Tobold's Blog
Tuesday, April 26, 2011
 
Might & Magic: Clash of Heroes

Might & Magic: Clash of Heroes is the love child of Heroes of Might & Magic and Puzzle Quest. It used to run only on the Nintendo DS, but high-definition versions just got released as downloadable games for the PS3 and XBox 360 for a very affordable $15. A free demo is available. I bought the game 2 weeks ago, and quickly got hooked, playing the single-player campaign(s) through in 35 hours.

The single-player game is divided into 5 campaigns, telling a continous story. In each campaign you play with different troop types, starting with the elves, then moving on to the knights, and so on. In each campaign you collect the 8 existing troop types (3 core, 2 elite, 2 champion, and 1 secret unit), and battle various enemies with the army you form that way. Unlike in the HoMM series, you have unlimited numbers of core troops, and need only 1 each of the other troops to be able to use them, the rest is just backup if you lose troops. Each campaign has a linear story to follow, but also offers side-quests and "random" battles in some places, which are useful if you want to level up your hero and his troops.

Each battle is a turn-based puzzle. Starting from a random placement of troops, you have a small number of moves each turn in which you try to stack the same color and type of troops in rows or columns of at least 3. The column stacks then "charge up" over a number of turns, before attacking. The row stacks form walls to intercept the enemies' attacks. As in most of these puzzle games, the skill lies in forming combos and chains, for extra moves and more powerful attacks.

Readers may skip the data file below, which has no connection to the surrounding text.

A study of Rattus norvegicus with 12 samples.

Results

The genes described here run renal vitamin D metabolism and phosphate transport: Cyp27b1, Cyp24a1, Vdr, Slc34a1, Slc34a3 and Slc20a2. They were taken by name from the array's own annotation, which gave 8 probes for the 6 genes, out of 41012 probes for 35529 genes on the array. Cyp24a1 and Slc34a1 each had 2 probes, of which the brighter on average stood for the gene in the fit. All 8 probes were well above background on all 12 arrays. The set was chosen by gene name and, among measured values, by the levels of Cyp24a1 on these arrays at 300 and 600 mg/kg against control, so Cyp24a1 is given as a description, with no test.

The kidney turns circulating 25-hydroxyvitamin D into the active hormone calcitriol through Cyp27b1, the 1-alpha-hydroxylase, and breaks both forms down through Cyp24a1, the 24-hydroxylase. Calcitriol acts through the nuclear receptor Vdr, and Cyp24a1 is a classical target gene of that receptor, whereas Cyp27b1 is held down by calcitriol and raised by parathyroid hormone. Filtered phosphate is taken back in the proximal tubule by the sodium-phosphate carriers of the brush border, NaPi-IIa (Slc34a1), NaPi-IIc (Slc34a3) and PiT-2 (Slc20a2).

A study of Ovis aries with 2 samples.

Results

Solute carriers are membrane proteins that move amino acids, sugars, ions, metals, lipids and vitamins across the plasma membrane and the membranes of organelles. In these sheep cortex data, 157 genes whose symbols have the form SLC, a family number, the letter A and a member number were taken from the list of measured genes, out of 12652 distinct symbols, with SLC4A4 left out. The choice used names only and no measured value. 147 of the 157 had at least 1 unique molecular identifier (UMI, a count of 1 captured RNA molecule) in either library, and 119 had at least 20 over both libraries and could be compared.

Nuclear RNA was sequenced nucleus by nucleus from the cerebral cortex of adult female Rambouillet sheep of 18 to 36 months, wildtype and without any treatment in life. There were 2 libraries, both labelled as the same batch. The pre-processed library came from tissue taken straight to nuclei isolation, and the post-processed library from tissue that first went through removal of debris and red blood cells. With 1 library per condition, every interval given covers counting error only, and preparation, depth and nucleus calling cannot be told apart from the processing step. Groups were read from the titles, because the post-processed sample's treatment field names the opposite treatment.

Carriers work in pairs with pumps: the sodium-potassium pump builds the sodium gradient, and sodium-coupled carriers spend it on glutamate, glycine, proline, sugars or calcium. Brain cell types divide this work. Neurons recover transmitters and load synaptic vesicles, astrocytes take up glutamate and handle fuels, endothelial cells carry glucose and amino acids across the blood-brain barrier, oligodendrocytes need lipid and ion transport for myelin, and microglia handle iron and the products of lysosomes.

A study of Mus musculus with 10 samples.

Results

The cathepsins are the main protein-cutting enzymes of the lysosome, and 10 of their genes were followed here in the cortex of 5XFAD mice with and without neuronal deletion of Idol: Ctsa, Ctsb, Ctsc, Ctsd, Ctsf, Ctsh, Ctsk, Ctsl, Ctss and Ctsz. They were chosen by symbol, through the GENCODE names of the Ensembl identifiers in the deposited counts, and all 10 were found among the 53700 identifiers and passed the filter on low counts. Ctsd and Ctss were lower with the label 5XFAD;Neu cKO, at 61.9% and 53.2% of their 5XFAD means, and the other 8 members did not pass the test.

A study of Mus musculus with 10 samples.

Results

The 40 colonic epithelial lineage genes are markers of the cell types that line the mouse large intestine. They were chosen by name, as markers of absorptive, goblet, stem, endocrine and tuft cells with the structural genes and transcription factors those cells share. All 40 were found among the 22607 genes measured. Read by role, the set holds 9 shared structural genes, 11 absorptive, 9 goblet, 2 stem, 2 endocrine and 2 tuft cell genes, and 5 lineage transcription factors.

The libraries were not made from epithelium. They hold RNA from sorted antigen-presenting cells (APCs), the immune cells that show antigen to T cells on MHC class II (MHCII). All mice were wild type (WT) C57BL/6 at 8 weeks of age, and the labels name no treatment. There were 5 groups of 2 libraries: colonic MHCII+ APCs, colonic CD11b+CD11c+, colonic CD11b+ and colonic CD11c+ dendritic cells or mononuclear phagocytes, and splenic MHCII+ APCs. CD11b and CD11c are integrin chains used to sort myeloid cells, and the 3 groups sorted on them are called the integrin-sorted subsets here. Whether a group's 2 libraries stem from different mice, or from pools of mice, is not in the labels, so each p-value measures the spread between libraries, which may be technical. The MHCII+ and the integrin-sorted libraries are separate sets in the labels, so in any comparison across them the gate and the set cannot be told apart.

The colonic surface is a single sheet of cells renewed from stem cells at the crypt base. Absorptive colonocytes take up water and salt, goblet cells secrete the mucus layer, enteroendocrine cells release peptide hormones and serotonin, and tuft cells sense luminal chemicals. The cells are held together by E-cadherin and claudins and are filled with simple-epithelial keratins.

As you use the troop icons themselves for the puzzle, that feels less abstract than Puzzle Quest, where you just move colored balls. The troops are animated when attacking, so you see elven rangers firing arrows, nightmares charging, and wizards throwing fireballs. Both the hero and the troops gain xp and levels, getting more powerful over time. But troops are level capped at level 5, and the hero at 10, so you can't simply do random battles until every fight becomes trivial. That keeps the game challenging, and particularly the last campaign is pretty hard to win.

I can't tell you about multi-player as the PlayStation Network has been down for days now. The single-player game has medium replay value, as while the battles are always different, the story and boss fight will be the same the second time through. But given the price, I'd say that is still good value for money. Recommended.

[By the way, if you are waiting for Might & Magic Heroes VI, I have bad news: The release date just got postponed to September 8th.]
Comments:
I love Puzzle Quest and play it on the PSP during road trips. I think the mixture of two different games is what is enjoyable. It's like an RPG mixed with Bejeweled.
 
I am really interested in HoMM 6 but I was pretty disappointed in both HoMM 4 and 5. I will wait and read some reviews after it launches before forking over any cash for it for sure.

The fact that HoMM 5 was basically unplayable on large maps due to bad AI coding (AI turns could take upwards of 15 minutes!) was the killer for me.